Bachelor of arts
As Michigan’s skill trades shortage continues to grow, industrial technology instructors play a critical role in motivating youth to pursue the careers of tomorrow. This major prepares students to teach industrial technology courses at the middle or high school level. Industrial Technology teachers are in high demand across the country. Most of the recent graduates in this major have secured teaching positions in the State of Michigan before graduating or immediately upon graduation. The Industrial Technology teacher shortage is expected to grow in the coming years.
Examples of teaching areas
- Renewable Energies
- Drafting/Computer-aided Design
- Construction Trades
- Polymer Technology
Many teachers within this teaching area advise Career and Technical Student Organizations (CTSOs) such as SkillsUSA.
There are two options within this major (vocational vs. non-vocational). Per state requirements, the main difference is that vocational majors are required to document 4,000 hours of recent and relevant work experience in the industrial area in which they would like to teach. The student can go back as far as 10 years to document these hours. This work experience can be completed while the student pursues the degree.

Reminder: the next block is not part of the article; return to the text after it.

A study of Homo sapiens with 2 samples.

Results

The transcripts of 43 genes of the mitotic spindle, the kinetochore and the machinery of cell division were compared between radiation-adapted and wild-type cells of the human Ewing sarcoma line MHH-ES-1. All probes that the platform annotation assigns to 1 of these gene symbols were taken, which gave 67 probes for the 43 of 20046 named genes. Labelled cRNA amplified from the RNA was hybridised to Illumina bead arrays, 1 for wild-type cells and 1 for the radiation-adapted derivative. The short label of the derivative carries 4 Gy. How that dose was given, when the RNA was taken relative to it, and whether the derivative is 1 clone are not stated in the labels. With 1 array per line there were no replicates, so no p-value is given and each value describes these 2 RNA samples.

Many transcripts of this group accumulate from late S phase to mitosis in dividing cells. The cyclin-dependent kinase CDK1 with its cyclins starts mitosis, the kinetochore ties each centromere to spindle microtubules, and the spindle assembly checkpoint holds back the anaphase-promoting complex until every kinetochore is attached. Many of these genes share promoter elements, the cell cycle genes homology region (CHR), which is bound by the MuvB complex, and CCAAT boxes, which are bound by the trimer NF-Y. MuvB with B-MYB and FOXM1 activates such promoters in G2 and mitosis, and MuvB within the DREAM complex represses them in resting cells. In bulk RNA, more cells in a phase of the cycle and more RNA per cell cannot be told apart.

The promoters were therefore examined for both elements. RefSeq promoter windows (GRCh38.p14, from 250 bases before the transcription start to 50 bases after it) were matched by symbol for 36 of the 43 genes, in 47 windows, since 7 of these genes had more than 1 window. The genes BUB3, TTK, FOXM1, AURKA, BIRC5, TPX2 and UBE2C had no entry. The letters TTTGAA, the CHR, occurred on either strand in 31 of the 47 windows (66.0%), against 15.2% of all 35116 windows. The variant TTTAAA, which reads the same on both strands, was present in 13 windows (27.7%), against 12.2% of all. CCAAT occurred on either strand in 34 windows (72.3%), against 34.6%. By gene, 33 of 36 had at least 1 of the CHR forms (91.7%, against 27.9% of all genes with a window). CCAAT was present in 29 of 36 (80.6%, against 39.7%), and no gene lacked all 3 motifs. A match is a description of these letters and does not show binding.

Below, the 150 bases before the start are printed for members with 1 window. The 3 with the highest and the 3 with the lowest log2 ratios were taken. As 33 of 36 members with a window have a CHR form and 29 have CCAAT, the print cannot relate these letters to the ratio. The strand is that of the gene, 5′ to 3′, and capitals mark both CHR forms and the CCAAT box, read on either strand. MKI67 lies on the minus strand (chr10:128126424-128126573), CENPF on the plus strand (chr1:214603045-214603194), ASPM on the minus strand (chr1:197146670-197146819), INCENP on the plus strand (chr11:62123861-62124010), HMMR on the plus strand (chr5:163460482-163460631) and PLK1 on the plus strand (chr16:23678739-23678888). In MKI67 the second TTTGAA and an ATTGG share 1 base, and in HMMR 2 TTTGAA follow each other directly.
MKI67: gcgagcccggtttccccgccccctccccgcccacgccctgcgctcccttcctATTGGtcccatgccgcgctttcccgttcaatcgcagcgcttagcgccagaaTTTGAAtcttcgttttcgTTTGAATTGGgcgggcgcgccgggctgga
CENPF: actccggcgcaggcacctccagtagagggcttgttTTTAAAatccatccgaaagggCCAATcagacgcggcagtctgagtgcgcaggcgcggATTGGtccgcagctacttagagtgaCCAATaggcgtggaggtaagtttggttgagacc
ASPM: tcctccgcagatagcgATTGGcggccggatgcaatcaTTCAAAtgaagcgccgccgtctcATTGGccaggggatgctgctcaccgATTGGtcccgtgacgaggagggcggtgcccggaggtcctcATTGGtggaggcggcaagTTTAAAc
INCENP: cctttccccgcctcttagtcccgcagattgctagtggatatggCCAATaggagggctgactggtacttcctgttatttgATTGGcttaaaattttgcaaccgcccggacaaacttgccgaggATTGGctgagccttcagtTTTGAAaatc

Graduates without a vocational endorsement typically teach woodshop/drafting in a traditional middle or high school setting.
The industrial technology major is an approved State Board of Education and Council for the Accreditation of Educator Preparation (CAEP) teacher education program.
This degree program leads to a State of Michigan Standard Certificate, which can include a Standard CTE Vocational Certificate.
For class listings, program guides and other resources, visit the advising page for the industrial technology education vocational major.